The hoary old clichés of Thomas Hardy’s Far from the Madding Crowd don’t exactly mesh well with director Thomas Vinterberg’s low-key, (mostly) naturalistic approach in this adaptation of the classic novel that generally succeeds, even if the 1967 Julie Christie version remains the definitive film version of this story.
Still, the leads here are impeccably cast: Carey Mulligan is wonderful as Bathsheba Everdene, the independent woman who has the unlikely – in the late nineteenth century, anyway – fortune of being able to select from a number of potential suitors.
Mulligan was cast in the role before the director even finished the script, according to Vinterberg, and she’s a perfect fit: Bathsheba is one of her strongest roles, alongside An Education’s Jenny Mellor and The Great Gatsby’s Daisy Buchanon.
Matthias Schoenaerts is also superb as Gabriel Oak, the simple farmer who lives on the land next to Bathsheba and proposes an unexpected marriage. Bathsheba is flattered but nonplussed, and the director is expert at conveying the type of pain that this can cause her potential suitors.
This is the same type of role Schoenaerts played earlier this year for director Alan Rickman in A Little Chaos, and the actor thrives at gaining our sympathies. It’s Oak – and not (necessarily) Mulligan’s Bathsheba – that we’re rooting for, in this version of the story, at least.
When Oak loses everything in the matter of minutes, and Bathsheba inherits a thriving farmland estate from her uncle, she seems to price herself out of his range. In need of work, however, Oak becomes her more-than-capable sheepherder, and does his best to help her in other regards, too.
A more appropriate suitor for the now-wealthy landowner might be new neighbour William Boldwood (played by Martin Sheen), who also operates a farm. Despite Mr. Boldwood’s age – and the fact that Bathsheba has no feelings for him – she sends him an anonymous Valentine, which prompts him to propose marriage, too.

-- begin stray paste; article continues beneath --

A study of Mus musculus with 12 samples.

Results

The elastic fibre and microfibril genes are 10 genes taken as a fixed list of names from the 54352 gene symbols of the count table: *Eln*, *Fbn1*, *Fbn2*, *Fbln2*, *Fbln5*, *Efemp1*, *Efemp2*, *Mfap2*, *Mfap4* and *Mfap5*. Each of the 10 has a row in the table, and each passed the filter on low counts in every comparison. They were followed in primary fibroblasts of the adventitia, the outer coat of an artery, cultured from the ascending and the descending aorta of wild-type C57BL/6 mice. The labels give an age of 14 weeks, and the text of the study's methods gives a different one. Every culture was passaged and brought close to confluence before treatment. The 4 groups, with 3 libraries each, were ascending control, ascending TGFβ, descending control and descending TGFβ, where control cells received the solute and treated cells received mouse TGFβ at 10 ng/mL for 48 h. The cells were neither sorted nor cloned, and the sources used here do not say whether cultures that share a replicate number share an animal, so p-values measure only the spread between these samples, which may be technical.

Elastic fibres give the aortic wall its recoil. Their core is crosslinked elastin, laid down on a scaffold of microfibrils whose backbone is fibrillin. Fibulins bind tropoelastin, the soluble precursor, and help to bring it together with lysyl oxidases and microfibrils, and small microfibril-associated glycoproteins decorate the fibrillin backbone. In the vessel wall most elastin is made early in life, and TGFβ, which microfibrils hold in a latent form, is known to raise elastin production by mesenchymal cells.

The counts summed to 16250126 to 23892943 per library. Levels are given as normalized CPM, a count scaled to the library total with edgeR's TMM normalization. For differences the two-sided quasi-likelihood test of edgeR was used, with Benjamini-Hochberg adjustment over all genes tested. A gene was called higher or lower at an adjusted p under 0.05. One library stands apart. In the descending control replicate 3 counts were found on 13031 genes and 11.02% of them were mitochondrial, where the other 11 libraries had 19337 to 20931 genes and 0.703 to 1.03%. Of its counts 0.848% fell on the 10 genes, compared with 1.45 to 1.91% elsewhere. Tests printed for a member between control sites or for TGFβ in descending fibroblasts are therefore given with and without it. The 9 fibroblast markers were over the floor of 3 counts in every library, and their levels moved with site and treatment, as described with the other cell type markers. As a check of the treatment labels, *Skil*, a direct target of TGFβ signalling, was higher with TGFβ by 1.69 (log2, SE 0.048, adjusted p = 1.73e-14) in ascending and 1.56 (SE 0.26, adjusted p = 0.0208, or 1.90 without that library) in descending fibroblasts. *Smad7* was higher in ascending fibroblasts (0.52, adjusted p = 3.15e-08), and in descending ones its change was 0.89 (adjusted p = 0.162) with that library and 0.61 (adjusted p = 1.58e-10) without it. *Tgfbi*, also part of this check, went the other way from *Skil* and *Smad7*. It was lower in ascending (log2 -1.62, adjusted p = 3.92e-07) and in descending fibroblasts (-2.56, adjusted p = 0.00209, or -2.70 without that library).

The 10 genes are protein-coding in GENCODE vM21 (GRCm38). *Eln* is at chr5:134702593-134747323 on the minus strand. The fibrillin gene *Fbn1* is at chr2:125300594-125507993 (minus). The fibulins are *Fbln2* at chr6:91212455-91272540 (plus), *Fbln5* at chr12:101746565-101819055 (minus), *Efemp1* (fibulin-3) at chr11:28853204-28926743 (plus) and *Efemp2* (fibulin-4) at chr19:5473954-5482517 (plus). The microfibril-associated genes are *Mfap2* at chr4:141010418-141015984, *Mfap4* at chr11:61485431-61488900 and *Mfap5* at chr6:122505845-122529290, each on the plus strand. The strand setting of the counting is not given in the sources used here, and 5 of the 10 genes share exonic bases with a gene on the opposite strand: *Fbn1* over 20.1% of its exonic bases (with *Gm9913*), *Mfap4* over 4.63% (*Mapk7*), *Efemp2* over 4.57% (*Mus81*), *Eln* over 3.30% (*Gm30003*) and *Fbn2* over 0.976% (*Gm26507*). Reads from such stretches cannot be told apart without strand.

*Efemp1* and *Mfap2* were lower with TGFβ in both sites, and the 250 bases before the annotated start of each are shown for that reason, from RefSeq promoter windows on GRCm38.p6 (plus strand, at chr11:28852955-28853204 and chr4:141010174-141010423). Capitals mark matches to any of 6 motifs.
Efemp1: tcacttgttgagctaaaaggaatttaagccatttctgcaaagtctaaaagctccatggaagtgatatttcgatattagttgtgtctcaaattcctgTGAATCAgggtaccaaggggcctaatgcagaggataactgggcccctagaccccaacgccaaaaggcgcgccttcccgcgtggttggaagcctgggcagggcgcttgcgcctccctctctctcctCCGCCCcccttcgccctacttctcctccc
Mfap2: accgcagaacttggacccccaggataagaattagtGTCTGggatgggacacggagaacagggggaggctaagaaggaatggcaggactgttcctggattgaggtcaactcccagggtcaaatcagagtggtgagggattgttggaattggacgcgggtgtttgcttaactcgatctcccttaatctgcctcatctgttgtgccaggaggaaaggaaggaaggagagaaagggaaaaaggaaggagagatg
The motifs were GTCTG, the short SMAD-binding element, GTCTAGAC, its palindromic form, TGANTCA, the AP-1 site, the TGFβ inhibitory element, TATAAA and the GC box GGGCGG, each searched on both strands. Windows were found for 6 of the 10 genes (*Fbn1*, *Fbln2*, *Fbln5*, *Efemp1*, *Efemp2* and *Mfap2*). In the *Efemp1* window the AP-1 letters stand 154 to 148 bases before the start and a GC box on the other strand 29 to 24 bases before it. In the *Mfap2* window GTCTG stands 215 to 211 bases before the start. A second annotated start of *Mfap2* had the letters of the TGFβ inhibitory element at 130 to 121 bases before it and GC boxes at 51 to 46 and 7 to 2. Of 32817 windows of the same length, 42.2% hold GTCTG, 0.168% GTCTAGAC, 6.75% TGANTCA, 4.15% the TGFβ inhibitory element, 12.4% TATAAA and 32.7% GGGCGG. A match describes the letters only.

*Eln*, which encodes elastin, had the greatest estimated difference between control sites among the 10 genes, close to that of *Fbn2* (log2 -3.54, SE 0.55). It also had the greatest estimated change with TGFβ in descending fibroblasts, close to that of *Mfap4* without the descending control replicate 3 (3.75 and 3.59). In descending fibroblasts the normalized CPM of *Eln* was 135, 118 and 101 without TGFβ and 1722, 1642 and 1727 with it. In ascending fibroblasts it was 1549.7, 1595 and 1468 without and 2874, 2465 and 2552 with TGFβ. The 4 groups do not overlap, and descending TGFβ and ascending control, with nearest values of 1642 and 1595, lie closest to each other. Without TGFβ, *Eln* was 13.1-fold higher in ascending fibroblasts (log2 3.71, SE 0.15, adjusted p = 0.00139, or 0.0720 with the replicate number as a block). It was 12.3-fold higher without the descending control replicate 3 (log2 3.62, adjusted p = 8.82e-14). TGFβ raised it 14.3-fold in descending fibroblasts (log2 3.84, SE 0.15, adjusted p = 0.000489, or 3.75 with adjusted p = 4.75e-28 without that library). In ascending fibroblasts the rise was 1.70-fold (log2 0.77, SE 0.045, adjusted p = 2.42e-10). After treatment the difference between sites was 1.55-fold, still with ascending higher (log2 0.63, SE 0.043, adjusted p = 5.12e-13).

Sheen’s work here is initially subtle, but soon becomes a one-note stupor; Boldwood’s actions do not seem to come from within his character, but rather by necessity of the story.
A third potential suitor, a soldier who was stood up at the altar and now instantly professes his love for Bathsheba after stumbling upon her in a forest, feels similarly one-note and story-driven. There’s little mystery behind Tom Sturridge’s Francis Troy, and his storyline suffers for it.
But the lead performances are good enough to make up for some of the film’s other shortcomings. This is always a good (if well-worn) story, with fine performances from the cast and fluid direction from Vinterberg that keeps things moving at a reasonable pace (at two hours, it never feels overlong).
Still, something feels a bit off; the director’s sterile approach to the material doesn’t allow us to revel in the more melodramatic elements inherent in the material.
In 2011’s (somewhat) similarly-themed Jane Eyre, director Cary Fukunaga was considerably more effective at mining the classic novel’s pleasures for contemporary audiences while still staying true to his source.
Note for animal lovers: a few scenes depicting the deaths of animals are quite difficult to watch.